Friday, October 14, 2011

How it was

Occupy Wall Street:

Afraid this morning that this whole, astonishing, peacable and peaceful act of social protest might come to a crashing end this morning. In a little more than an hour, Bloomberg's orders will be put into effect -- such stupid orders. Dragging out the hundreds, maybe thousands! of people doing nothing more than voicing a much needed message of conscience, awareness, dare I say it -- love.

Below some impressions of my first and I hope not my last visit to Zuccotti Park. It should have been posted a week ago, but my pics won't load for some reason. So, pictureless!

I went down to Liberty Park (amazingly, that really was its name) also known as Zuccotti Square this past Wednesday and wandered around just to take it all in. It was my first visit, and there was a lot to take in. Just a few impressions for now, with a few of my pics below. You can’t avoid the feeling of an open air encampment, mounds of sleeping bags, a huge blue tarp, sleeping heads poking out here and there. There’s a (large) library, a place you can get food. It’s a village. Artists, some with easels, some with black magic markers and pages of thick paper, scrawling on the pavement. I was handed a sign by James De laVega (I’ve learned later he’s a hipster muralist and street artist) The Game of Capitalism Breeds Dishonest Men it read. I joined in a march heading uptown, proudly holding up my message.

The folks who were running OWS are astonishingly polite. It – the good manners -- takes you aback. I’m of the generation that marched, shouting angrily, veins popping in the neck, fists raised. No veins could be seen anywhere. While I was snapping pictures I inadvertently strayed into a group of people who had started a slow, quiet group “walk” (I wouldn’t call it a march) around the park, chanting a slogan, calmly. I was standing like a boulder in a stream and I needed to be nudged aside. Someone told me, with a tinge of impatience “can you move please?” He then came back to me to explain why it was he had to ask me to do this. He actually did this. In the middle of a political demonstration.

This isn’t a minor characteristic. It’s telling of what this carefully crafted movement wants to convey. And they’re distinguishing themselves as decidedly mature, neat, and together.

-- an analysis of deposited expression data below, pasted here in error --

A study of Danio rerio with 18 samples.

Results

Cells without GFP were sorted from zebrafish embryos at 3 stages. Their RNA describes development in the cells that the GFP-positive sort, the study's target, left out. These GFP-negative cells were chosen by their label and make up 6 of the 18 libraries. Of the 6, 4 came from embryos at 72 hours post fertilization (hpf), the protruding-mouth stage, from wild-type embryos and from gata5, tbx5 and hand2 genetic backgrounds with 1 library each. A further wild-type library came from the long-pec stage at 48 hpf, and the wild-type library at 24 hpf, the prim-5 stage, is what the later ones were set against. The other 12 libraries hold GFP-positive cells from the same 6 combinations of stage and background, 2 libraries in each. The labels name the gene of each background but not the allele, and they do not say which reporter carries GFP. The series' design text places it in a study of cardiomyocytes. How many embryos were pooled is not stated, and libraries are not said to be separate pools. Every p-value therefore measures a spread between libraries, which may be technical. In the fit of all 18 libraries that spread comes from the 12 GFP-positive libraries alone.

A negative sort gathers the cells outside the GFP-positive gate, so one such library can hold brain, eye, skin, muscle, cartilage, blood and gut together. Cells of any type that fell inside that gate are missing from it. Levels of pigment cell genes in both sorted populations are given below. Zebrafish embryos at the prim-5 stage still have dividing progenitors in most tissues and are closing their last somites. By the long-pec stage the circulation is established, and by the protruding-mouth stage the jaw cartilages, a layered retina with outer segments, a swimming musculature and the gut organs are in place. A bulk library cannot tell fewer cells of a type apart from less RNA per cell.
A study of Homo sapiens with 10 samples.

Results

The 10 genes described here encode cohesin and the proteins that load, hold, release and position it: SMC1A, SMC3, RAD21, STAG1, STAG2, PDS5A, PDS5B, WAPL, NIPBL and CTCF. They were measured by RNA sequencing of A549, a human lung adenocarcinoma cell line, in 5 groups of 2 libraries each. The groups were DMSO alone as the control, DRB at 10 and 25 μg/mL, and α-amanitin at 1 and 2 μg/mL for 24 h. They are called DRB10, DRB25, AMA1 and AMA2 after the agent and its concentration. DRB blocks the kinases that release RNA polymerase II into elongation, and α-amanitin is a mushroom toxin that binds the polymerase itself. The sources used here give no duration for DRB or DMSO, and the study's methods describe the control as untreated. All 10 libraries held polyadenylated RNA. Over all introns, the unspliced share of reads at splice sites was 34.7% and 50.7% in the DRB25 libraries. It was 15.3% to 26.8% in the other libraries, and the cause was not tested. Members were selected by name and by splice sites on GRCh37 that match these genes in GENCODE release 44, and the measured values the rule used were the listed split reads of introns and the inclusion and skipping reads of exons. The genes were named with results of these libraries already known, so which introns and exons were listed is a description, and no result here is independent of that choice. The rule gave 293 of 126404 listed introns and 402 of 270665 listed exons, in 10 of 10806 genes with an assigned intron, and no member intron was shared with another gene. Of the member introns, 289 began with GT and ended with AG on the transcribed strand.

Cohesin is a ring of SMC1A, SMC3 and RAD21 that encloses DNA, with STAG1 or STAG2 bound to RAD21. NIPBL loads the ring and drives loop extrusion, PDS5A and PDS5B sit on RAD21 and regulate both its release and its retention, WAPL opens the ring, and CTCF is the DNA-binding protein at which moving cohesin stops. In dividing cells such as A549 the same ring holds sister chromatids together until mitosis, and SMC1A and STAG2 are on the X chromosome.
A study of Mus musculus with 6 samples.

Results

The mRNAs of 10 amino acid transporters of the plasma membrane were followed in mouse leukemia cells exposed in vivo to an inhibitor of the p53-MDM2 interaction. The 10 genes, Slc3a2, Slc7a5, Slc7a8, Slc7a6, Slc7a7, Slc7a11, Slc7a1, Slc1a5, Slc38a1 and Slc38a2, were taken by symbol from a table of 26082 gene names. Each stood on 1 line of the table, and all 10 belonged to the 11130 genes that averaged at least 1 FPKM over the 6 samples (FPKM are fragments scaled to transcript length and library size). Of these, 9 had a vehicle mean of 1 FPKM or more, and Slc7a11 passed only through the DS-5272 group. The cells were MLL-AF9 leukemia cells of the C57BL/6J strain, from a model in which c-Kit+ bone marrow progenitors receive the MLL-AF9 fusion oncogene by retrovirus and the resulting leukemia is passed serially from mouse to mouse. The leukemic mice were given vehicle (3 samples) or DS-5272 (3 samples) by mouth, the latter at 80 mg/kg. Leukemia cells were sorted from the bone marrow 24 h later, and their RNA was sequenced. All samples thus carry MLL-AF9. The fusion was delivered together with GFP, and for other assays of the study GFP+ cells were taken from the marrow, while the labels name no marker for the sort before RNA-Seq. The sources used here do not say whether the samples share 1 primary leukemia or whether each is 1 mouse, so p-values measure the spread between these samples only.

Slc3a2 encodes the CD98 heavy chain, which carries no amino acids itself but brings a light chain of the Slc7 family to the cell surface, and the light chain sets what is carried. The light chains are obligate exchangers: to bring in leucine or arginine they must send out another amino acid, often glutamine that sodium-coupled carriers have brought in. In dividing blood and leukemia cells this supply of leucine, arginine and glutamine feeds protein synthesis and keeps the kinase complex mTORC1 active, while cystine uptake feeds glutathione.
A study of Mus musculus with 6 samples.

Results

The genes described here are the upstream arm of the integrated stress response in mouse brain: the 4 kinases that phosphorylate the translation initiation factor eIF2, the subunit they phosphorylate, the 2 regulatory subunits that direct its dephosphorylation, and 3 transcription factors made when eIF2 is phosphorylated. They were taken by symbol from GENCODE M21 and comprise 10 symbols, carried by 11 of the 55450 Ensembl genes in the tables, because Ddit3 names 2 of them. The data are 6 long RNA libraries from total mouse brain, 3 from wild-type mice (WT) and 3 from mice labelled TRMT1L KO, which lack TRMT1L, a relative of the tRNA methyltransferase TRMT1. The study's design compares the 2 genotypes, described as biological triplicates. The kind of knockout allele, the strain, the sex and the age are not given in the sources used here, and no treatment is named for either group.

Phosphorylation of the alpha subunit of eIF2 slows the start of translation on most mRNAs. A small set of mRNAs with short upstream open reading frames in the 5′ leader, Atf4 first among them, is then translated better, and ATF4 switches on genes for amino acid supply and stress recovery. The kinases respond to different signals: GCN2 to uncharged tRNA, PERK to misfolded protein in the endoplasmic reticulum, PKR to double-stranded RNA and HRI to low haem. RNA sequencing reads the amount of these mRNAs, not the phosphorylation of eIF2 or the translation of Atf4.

The people’s mic – the mechanism and the messages. ‘Lovely’ Sounds dated, but something like that is the way you’ve got to describe it. The people’s mic is how they (whoever they are. A small group of Canadians I’ve heard started this and helped put in place the tone and method) have chosen to amplify the short speeches which are given on the Broadway (Eastern) edge of the park, where there’s a slightly lower amphitheater effect. At around 4:00, they called a halt to the bongo drumming and sporadic, undulating dancing of a few, and get us prepped for the expected arrival of the union faction. (Will it be a lasting, contributing faction? If so, I think OWS will definitely not be able to be ignored) Tens of thousands of union delegates from the SEIU, TWU, District 37, CUNY, NYU, The New School and others were massing from all parts of lower Manhattan and were expected to join together at this spot. We were getting our instructions. The way they told us about it, about how proper we needed to be, how we needed to make room, and move back, how we had to welcome them, etc. was all made clear in short succinct sentences that were repeated by concentric circles of us, participants, stretching all the way to the back to Trinity Place (the Western edge of the park). There was a church like, call and response feel to it, which turned into a concentric giggle when said organizer said – “Don’t fuck it up.” The group of people surrounding him repeated dutifully, ‘don’t fuck it up,” and the message travelled back. Then a young woman mounted something that enabled her to be taller than all of us, the huge orange arms of DeSuvero’s sculpture soaring above her head, and talked about how this was all in partnership with the Arab Spring. I thought at the moment -- what she’s saying, it isn’t a metaphor, it’s an answer, a huge people’s mic, stretching from Manhattan to Cairo, a rippled shout to those in Egypt wanting freedom, telling them, at that moment, that thousands of people across North America, wanting something as yet unnamed have linked arms with them. She said, ‘the people in Egypt. They have it much worse than we do. However bad it gets here, they have a very very difficult situation…” I had to head uptown to work, and I had to wrench myself away.